Even as the Legislature entered the second week of the 2005 session, some of the great white tents that held the 2005 Inaugural Ball still...


Much has been said about the role of talk radio and the “blogosphere” in whipping up public opinion and bringing to light the errors in the 2004 election. However, members of our local mainstream media deserve a great deal of credit for uncovering many of the flaws the new media — talk radio and blogs — have been discussing.

On Nov. 16, our local newspapers reported on King County Superior Court Judge Dean Lum’s decision to release the names of 929 provisional-ballot voters whose ballots were not counted because they either had mismatched signatures or had no signatures at all. The story went on to reveal how Democratic operatives delivered more than 400 affidavits from voters for Christine Gregoire whose ballots had been rejected due to signature problems.

Thanks to this story, Senate Republicans plan to introduce a new law protecting voter privacy and prohibiting third parties from contacting voters in this manner.

On Dec. 19, one of our local newspapers featured a story on its survey of counties, revealing that procedures for evaluating signatures were highly subjective and varied widely from county to county. According to the story, “More than 3,400 ballots in Washington were rejected in the November election because the signatures didn’t match those on file with elections officials. And counties excluded them at wildly different rates.” (“Ballot checks vary widely across state,” Seattle Times, page one.)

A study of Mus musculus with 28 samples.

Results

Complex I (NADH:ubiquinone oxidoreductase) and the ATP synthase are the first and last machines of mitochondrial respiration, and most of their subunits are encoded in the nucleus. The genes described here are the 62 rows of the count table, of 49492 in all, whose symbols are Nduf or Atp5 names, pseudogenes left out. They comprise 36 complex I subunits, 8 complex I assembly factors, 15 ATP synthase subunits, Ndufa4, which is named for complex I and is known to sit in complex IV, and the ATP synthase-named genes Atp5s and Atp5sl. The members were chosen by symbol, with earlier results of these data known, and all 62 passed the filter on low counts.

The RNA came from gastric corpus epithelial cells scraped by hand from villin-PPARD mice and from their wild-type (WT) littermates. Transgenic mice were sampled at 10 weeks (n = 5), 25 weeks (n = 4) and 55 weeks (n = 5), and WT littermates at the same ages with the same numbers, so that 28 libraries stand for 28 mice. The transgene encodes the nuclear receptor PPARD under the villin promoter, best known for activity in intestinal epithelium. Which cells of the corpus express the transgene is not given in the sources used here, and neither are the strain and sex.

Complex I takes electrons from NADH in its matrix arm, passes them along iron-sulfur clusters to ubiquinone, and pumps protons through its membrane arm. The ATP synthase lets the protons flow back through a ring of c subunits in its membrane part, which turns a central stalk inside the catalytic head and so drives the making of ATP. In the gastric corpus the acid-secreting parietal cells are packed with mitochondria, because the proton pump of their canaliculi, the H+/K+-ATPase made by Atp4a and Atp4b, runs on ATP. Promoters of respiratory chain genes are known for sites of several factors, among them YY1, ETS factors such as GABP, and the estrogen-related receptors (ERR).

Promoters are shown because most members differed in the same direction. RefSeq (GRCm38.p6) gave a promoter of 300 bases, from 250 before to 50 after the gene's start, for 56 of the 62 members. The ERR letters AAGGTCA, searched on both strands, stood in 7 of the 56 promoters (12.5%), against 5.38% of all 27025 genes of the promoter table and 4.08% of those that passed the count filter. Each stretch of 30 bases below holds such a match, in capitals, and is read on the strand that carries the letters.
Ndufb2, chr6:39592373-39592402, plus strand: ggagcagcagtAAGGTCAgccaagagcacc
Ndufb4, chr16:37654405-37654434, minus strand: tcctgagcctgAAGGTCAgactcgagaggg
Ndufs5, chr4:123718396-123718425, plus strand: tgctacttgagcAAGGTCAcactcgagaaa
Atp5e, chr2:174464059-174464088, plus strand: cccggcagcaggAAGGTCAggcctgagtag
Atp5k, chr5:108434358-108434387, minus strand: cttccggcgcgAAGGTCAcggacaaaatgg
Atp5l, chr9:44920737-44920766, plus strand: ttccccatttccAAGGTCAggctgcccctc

Thanks to this story, another senator is planning to introduce a bill requiring a uniform elections handbook to make sure every vote in every county is handled in a similar manner. Others are sponsoring a bill to codify the rules on provisional ballots so they are all handled the same statewide.

On Jan. 5, our local newspapers uncovered the fact that roughly 350 provisional ballots were fed directly into voting machines with no verification, rather than being set aside in special envelopes for review.

Based on that story, another senator is introducing two more bills: one requiring provisional ballots to be printed on different colored paper than other ballots and another putting the rules for provisional ballots into law so they can be standardized across all counties.

On Jan. 11, our local newspapers reported the King County elections superintendent admitted the number of votes unaccounted for was roughly 1,800 in King County and added it was impossible to come up with a precise number because workers were constantly modifying the files.

Based on this admission, senators are working on a bill to require counties to reconcile the number of ballots counted against the number of voters, within a set margin of error.

Every day, it seems new problems are revealed. That’s why my colleagues and I stood before the Legislature and moved to delay certification of the 2004 gubernatorial election until the courts could review the facts. Across our state, voters are saying they don’t trust the outcome of this election and they want answers.

Just as it is the role of responsible media — including talk radio, newspapers and, now, blogs — to act as watchdogs over government proceedings, it is the role of the Legislature to respond to the people it represents.

The Legislature failed to represent the people when it voted to certify this election despite the lingering doubts of legitimacy. We can redeem ourselves somewhat by passing meaningful election reform to prevent these questions of legitimacy in the future.

It is now the role of the Chelan County Superior Court to review the facts before it and try to return some credibility to the 2004 election. No matter what the outcome, voters must be confident our system worked as it was designed to protect their right to vote and to preserve the integrity of our elections.


Sen. Bill Finkbeiner, R-Kirkland, is Senate minority leader.